Thursday, August 6, 10:03 p.m. EDT
Last Quarter Moon
The Last Quarter Moon rises around midnight and sets around 3 p.m. It is most easily seen just after sunrise in the southern sky.
Friday, August 14, 10:53 a.m. EDT
The Moon is not visible on the date of New Moon because it is too close to the Sun, but can be seen low in the East as a narrow crescent a morning or two before, just before sunrise. It is visible low in the West an evening or two after New Moon.
Saturday, August 22, 3:31 p.m. EDT
First Quarter Moon
The First Quarter Moon rises around noon and sets around midnight. It dominates the evening sky.
Saturday, August 29, 2:35 p.m. EDT
The August Full Moon is known as the Corn Moon, Sturgeon Moon, Red Moon, Green Corn Moon, or Grain Moon. It rises around sunset and sets around sunrise; this is the only night in the month when the Moon is in the sky all night long. The rest of the month, the Moon spends at least some time in the daytime sky.
Uranus and the Moon
Wednesday/Thursday, August 5/6, dawn
The Moon will be close to Uranus just before sunrise. In southern South America, the Falkland Islands, and parts of Antarctica, the Moon will actually occult Uranus.
Mercury and Jupiter within 0.6 degrees
Thursday, August 6, dusk
Mercury and Jupiter will pass close to each other, appearing within the same telescope field.
Mercury, Jupiter and Regulus within 1 degree
Friday, August 7, dusk
These three bright objects will form a tight triangular pattern low in the western sky after sunset.
Aldebaran and the Moon
Saturday, August 8, early morning
The waning crescent moon will pass close to the bright red star Aldebaran low in morning twilight. The Moon will occult Aldebaran as seen from the Middle East, eastern Europe, northwestern Asia, Scandinavia, Russia, Alaska, and northwestern Canada.
Jupiter and Regulus within 0.5 degrees
Monday, August 10, dusk
Jupiter will pass just north of the bright star Regulus in the constellation Leo.
Perseid meteor shower peaks
Thursday, August 13, 2 a.m.
The Perseid meteor shower is always the most reliable in the year, and this year benefits from having the moon out of the sky for most of the night. Although Perseid meteors can be seen at any time of night, there are always more meteors after midnight because then the Earth is heading directly into the shower. Although they appear to radiate from a point in the constellation Perseus in the northeastern sky, they can be seen anywhere in the sky.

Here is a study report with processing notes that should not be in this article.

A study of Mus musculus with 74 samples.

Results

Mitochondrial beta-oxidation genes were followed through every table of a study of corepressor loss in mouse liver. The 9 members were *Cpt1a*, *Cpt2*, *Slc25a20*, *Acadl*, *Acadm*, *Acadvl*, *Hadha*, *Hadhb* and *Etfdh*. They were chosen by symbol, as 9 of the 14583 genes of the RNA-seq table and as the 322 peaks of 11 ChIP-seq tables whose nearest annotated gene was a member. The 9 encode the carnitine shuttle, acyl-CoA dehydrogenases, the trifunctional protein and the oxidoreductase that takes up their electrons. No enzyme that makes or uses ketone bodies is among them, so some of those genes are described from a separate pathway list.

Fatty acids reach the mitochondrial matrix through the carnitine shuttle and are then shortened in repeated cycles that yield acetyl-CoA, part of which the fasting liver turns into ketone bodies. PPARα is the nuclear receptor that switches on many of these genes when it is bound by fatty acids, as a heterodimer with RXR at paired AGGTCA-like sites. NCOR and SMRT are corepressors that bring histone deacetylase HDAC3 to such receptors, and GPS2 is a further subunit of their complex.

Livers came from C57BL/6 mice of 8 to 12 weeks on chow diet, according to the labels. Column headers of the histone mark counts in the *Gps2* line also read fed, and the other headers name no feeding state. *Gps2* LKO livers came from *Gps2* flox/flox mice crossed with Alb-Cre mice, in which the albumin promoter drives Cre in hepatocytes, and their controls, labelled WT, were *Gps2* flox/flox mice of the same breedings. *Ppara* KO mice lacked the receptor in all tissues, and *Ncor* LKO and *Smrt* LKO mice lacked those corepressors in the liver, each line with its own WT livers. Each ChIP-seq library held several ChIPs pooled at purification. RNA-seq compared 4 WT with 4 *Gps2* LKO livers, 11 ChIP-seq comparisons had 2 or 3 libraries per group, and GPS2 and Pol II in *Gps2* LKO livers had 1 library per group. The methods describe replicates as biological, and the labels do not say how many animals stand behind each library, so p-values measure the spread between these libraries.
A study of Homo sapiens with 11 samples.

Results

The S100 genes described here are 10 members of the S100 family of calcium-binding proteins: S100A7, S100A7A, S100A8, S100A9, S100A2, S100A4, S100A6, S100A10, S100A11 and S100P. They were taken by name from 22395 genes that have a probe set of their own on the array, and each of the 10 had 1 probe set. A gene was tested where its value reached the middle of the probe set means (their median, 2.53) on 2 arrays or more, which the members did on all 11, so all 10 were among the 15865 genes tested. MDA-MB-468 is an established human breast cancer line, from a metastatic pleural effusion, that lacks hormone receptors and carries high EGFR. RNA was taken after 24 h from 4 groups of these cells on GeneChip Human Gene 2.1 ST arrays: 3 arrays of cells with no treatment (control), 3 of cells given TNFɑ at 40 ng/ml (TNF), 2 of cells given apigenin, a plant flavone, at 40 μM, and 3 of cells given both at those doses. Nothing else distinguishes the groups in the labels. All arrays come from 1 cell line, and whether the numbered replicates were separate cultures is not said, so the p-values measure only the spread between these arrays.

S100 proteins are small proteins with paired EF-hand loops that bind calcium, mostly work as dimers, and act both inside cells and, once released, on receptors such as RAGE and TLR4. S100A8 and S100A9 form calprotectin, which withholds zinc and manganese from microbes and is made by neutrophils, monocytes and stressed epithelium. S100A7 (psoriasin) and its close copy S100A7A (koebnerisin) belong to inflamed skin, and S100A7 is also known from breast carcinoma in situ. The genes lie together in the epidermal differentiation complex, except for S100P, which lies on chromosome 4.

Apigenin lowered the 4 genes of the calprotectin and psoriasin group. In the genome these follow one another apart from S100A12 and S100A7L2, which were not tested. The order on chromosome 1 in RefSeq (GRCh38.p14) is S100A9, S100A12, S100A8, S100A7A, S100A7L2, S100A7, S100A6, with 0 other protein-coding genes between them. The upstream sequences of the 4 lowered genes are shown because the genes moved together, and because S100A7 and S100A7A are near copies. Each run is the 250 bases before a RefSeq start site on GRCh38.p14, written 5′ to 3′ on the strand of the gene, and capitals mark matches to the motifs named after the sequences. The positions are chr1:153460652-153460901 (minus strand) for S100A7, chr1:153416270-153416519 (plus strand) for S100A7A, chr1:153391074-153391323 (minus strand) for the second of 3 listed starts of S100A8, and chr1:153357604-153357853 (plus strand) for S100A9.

Mars in the Beehive
Thursday, August 20, before dawn
Mars, just past conjunction with the sun, passes in front of the Beehive Cluster, Messier 44.
Moon close to perigee
Saturday, August 29, 8 p.m. local time
The moon will be closest to the Earth at 11 a.m. on August 30, 222,631 miles or 358,290 km. distant. The moon will be below the horizon at that time for observers in North America. The best time to observe this “supermoon” will be just after it rises on Saturday night, August 29. Those living near the ocean should expect higher tides than normal for the next few days.
Mercury is visible low in the western sky after sunset for most of the month, This apparition is more favorable for observers in the Southern Hemisphere.
Venus moves from the evening to the morning sky on the 15th, but will be hard to observe for northern observers because of its closeness to the sun. Southern observers will have an easier time, and on the 15th may actually be able to observe Venus as a morning star in the east and an evening star in the west.
Mars reappears in dawn twilight after its conjunction with the sun on June 14.
Jupiter is too close to the sun to observe this month.
Saturn is well placed in Libra in the evening sky.
Uranus rises in the late evening in Pisces.
Neptune rises in the mid-evening in the constellation Aquarius.